While the U.S. oil and gas sector makes extensive use of derivatives to manage commodity price risk, and in some cases make a speculative buck, Standard & Poor’s Ratings Services (S&P) said producer hedging practices have little impact on corporate credit ratings. This is mainly due to the fact that most companies hedge production only as far out as two years or so, and the ratings agency takes a longer-term view when assessing credit.
Still, S&P credit analysts found producer hedging to be of enough significance to pen a research note of eight pages, plus tables. Among the 140-odd oil and gas companies rated by S&P, those most likely to eschew hedging and ride the market are the big producers, and otherwise, their commodity hedges generally aren’t material to corporate results, S&P said.
Companies with lower credit ratings, independents, are far more likely to hedge commodity risk, S&P said, but this has little overall impact on how the agency rates them.
“While perhaps counterintuitive, the degree to which a company hedges does not materially affect its corporate credit rating in most cases. Corporate credit ratings reflect a company’s long-term ability to meet debt service requirements. In most cases, hedges only cover one to two years of anticipated production, and therefore do not mitigate cash flow volatility risks over the longer term.”
Still, hedging can help companies with speculative ratings in two ways. For one, S&P said it can more confidently predict near-term cash flows when a significant portion of anticipated production is hedged. Second, a consistent hedging policy may reflect a more conservative financial policy.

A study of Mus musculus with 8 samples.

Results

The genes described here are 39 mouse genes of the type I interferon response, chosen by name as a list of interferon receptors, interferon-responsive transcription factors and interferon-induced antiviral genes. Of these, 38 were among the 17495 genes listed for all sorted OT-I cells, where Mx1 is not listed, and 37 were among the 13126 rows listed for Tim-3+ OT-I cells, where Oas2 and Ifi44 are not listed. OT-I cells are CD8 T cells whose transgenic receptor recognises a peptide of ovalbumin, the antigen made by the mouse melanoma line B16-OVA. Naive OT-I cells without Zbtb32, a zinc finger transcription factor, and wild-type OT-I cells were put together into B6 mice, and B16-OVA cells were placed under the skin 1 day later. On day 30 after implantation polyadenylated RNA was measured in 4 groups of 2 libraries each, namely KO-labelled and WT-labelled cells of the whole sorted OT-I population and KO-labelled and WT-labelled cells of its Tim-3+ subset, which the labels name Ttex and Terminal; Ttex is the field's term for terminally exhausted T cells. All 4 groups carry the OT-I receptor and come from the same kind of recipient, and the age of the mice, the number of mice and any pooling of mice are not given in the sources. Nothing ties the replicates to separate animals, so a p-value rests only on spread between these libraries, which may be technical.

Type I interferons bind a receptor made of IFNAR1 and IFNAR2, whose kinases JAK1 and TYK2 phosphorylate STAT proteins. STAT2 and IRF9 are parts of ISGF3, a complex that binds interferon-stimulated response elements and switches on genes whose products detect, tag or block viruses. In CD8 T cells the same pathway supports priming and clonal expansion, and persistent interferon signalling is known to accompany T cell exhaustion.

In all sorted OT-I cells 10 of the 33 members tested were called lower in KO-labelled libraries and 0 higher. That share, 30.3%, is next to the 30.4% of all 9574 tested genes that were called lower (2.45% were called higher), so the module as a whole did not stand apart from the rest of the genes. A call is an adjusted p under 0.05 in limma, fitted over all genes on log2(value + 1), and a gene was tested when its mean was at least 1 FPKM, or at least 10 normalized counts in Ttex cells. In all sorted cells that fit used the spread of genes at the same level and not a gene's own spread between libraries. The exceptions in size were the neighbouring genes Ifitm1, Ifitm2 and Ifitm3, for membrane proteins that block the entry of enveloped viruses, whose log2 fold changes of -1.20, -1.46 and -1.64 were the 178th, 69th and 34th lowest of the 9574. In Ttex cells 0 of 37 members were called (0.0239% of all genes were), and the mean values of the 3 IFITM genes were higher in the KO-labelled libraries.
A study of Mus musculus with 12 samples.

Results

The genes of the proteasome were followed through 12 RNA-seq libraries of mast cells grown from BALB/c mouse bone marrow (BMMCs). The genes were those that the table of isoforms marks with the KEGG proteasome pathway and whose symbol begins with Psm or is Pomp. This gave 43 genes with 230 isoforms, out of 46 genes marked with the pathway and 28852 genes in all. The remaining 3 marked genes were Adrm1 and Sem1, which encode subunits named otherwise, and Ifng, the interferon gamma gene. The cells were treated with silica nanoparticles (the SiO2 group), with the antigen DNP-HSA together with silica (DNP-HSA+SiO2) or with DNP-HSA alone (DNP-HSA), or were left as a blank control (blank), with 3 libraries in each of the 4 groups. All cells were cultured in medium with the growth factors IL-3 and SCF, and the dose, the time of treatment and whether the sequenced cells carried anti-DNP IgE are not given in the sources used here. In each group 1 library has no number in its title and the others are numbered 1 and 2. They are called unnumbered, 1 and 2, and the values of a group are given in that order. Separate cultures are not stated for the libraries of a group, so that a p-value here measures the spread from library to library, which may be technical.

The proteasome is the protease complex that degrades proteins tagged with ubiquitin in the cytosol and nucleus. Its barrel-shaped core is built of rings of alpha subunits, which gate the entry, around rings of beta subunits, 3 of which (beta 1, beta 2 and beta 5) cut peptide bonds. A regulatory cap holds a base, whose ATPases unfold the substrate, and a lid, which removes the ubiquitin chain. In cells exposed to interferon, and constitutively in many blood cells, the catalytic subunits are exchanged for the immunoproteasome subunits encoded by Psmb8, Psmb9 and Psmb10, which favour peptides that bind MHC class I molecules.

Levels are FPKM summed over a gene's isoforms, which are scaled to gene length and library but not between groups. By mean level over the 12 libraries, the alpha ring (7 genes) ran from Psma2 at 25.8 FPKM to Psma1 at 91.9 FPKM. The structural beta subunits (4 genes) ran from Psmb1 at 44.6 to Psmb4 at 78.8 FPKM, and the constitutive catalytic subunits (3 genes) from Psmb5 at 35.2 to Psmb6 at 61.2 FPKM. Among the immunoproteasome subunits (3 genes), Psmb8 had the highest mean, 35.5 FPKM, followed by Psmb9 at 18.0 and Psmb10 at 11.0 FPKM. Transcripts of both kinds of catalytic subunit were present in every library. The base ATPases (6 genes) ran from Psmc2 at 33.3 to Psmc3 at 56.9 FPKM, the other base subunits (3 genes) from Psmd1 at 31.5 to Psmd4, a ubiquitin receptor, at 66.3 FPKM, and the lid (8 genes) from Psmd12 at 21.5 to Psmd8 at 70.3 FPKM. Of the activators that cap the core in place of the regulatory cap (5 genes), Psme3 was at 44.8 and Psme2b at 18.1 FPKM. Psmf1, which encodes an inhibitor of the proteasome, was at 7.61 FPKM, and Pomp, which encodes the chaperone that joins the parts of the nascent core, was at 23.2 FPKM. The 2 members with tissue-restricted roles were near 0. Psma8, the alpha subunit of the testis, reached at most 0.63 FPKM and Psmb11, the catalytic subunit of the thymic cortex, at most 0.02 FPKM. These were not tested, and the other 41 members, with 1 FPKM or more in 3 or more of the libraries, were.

“However, surprisingly few companies, in our opinion, have demonstrated a consistent policy of hedging commodity price risk through the cycle,” S&P said. “Merely having hedges in place does not necessarily indicate a conservative financial policy. Some companies attempt to time the market and will actively enter and exit hedges to try to maximize shareholder value.
“From a rating perspective, trading for profit could indicate that management has a tolerance for higher risk.”
When hedges are out of the money they can put a damper on a company’s upside potential. However, S&P evaluates this circumstance in terms of its impact on credit quality on a case by case basis, and the firm takes a relatively sanguine view of underwater hedges. “We rate to relatively conservative price assumptions and much of the hedging losses would dissipate in a lower price environment.”
In the note, S&P provided its commodity price assumptions as of May 9. Henry Hub natural gas is pegged at $7.00/MMBtu, $5.50/MMBtu, and $4.50/MMBtu in 2006, 2007, 2008, respectively. WTI crude is pegged at $60.00/bbl, $50.00/bbl, and $40.00/bbl in 2006, 2007, 2008, respectively.